Concepts (Fundamental Accounting Concepts)

The notion of "concept" or basic, fundamental accounting concepts means that there are concepts that are reported in a financial report. We are focusing on the concepts reported on the primary financial statemements which included: balance sheet, income statement, statement of comprehensive income, and cash flow statement. Below is a list of fundamental accounting concepts.

Another idea is that there are "sets" of concepts. For example, the concept "Current Assets" is different the concept "Revenues". These different "sets" or "categories" of concepts are referred to as classes. The FASB defines some of these classes of concepts in CON 6.

Relations Between Concepts

Concepts are related to other concepts in specific ways. These relations can be observed in XBRL-based financial reports submitted to the SEC. These relations are observable and can be tested.

Mappings (Mapping Between Fundamental Accounting Concepts and US GAAP XBRL Taxonomy Concepts)

The US GAAP Financial Reporting XBRL Taxonomy provides concepts that are used in XBRL-based financial reports submitted to the SEC. Sometimes, more than one US GAAP Financial Reporting XBRL Taxonomy concept could be used to represent a line item of a financial report. As such, one needs to MAP the possible US GAAP Financial Reporting XBRL Taxonomy concepts which might be used by public companies to the fundamental accounting concepts Below is a list of those mappings used to test the fundamental accounting concepts; the mappings are unique to each different reporting style used by public companies:

Impute Rules

Public companies explicitily report many line items in their financial report. Other line items are reported by some public companies but not by others. For example, the line item "Liabilities" is sometimes explicitly reported but other times omitted. However, using known relations between financial statement line items, the values of unreported line items can be imputed using the rules of logic. For example, if the line item "Liabilities" is not reported, it can be imputed using three pieces of information: (a) Liabilities = Current Liabilities + Noncurrent Liabilities; (b) the value of "Current liabilities"; and (c) the value of "Noncurrent Liabilities". (If you don't understand the rules of formal logic, see this crash course in formal logic. Below is a list of rules used to impute or imply unreported line items based on line items that have been reported:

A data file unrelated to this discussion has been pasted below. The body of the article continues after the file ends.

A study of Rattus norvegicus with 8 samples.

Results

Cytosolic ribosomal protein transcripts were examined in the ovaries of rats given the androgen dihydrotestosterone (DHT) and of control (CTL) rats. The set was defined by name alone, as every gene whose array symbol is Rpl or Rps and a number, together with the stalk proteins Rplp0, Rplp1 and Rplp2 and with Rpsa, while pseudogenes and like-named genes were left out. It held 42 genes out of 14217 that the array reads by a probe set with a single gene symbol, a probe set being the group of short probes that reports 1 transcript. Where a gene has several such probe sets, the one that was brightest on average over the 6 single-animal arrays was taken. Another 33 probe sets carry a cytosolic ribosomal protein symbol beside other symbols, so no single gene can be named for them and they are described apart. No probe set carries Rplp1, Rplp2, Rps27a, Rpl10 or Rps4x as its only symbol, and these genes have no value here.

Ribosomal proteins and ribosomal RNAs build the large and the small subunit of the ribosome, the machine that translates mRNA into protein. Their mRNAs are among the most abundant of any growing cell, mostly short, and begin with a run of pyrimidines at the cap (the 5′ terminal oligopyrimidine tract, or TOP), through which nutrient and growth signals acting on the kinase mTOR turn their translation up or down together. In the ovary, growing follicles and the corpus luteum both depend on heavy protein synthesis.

Consistency Rules

A reporting entity can be consistent with the fundamental accounting concept relations or they can be inconsistent with those relations. If they are inconsistent, there should be a specific reason for the inconsistency. The consistency checks which help determine the consistency or inconsistency with these rules is provided below:

Reporting Styles (also called report frames or reporting palettes)

Not all public companies report all information in exactly the same way. For example, a bank such as Bank of America does not report the same as a software company such as Microsoft. Further, economic entities have some flexibility in, for example, whether they report gross profit (i.e. multi-step income statement) or not (i.e. single-step income statement). And so, economic entities use different styles of reporting. A list of different reporting styles and how many public companies use that style is provided here:

Public Company Quality

And so, XBRL-based financial reports of public companies can be evaluated as to the consistency with or inconsistency with a set of fundamental accounting concept relations. All this information including the list of fundamental accounting concepts; the relations between the concepts, the impute rules, the consistency check rules, the reporting styles; can be represented in machine-readable form and that information can be used to evaulate the consistency/inconsistency of every such relation in an XBRL-based financial report submitted to the SEC by a public company.

Generator Quality

Public companies use different software products to create XBRL-based financial reports which are then submitted to the SEC. The one measure of the quality of an XBRL-based report is to measure the consistency of the report to the set of fundamental accounting concepts. I measure the quality of XBRL-based financial reports submitted to the SEC each month. Some filing agents/software vendors are better than others as can be seen by the data. XBRL Cloud also measures the quality of XBRL-based financial reports.